China Opens International Import Expo, Promises to Buy More


He added that China would not stop efforts to promote an open world economy and will be a stable engine of global growth.

"In a world of deepening economic globalisation, practices of the law of the jungle and victor takes all only represent a dead end", Xi said Monday in a much-anticipated speech at the China International Import Expo.

As this year marks the 40th anniversary of the country's reform and opening-up policy, the Asian power, by holding the expo for imports, will try to brush aside criticism that Chinese markets are closed given that they are mainly controlled by the government. The China International Import Expo (CIIE) is the brainchild of President Xi and has been promoted as the Chinese government's most significant event of this year.

The Shanghai expo also gives Beijing a chance to fix its image as a positive for global development following complaints "Belt and Road" leaves host countries with too much debt, while too little work goes to local companies.

The expo will be held between November 5 to 10 in Shanghai.

While in China, President Uhuru is expected to sign a horticulture trade deal which will allow Kenya to export fresh produce such as avocados, cashew nuts and mangoes to China.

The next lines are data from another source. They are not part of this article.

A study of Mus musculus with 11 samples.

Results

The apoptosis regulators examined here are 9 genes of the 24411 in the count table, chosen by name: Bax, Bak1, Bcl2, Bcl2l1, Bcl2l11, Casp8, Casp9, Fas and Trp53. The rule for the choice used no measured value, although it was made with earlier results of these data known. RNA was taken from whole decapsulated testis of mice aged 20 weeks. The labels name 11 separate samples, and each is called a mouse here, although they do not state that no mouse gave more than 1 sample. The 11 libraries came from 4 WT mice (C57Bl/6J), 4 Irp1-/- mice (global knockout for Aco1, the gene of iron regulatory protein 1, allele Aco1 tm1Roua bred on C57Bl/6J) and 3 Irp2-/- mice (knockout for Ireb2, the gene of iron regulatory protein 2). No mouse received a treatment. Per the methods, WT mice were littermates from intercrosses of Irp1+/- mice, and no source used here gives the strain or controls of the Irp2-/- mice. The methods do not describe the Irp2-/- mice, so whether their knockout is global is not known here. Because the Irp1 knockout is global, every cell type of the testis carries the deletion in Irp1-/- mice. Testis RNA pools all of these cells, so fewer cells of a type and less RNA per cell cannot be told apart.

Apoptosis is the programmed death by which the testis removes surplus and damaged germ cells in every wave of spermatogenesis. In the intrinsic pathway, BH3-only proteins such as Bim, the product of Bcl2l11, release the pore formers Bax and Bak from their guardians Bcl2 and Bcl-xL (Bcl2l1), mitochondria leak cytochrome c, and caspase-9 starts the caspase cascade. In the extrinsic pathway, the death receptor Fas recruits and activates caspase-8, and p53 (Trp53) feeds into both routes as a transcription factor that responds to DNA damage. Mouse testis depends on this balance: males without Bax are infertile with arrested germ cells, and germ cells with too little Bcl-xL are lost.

China has been criticised for placing high trade barriers which makes it untenable for other countries to access its market. Trade discussions were "moving along nicely", Trump said, claiming "it's going to work out good".


Speaking at an global business fair in Shanghai, Xi Jinping criticised what he termed Washinton's "law of the jungle" and "winner takes all" approach to trade which, he said, leads to 'a dead end'. He called for countries to resist trade protectionism and unilateralism, and strengthen worldwide coordination of macroeconomic policies to reduce negative effects on other nations' economies. But in a slap at Trump's "America first" policies and threats of import controls, he said the "the multilateral trading system should be defended". Nearly half of companies surveyed in June by the European Chamber of Commerce in China said they missed out on business opportunities due to regulatory barriers or market access restrictions, and they expected obstacles to increase during the next five years.

Ahead of the fair, the French and German ambassadors to China urged Beijing to take "concrete and systematic measures that go beyond tariff adjustments" to improve the business environment for foreign firms.

In his speech, Xi vowed to "firmly punish behavior that encroaches on the lawful rights and interests of foreign companies, particularly intellectual property right infringements", adding the government will introduce a "punitive compensation institution" to "sharply raise the legal costs" of violating IPR.

India exported pharmaceutical products worth $15.6 billion in 2017-18 but exports to China was only $41 million, a share of 0.2%.

"Overall, favorable conditions are in place for the long-term, healthy and steady growth of the Chinese economy", Xi said. He said China's $12 trillion-a-year economy is "a sea, not a small pond" and can withstand shocks.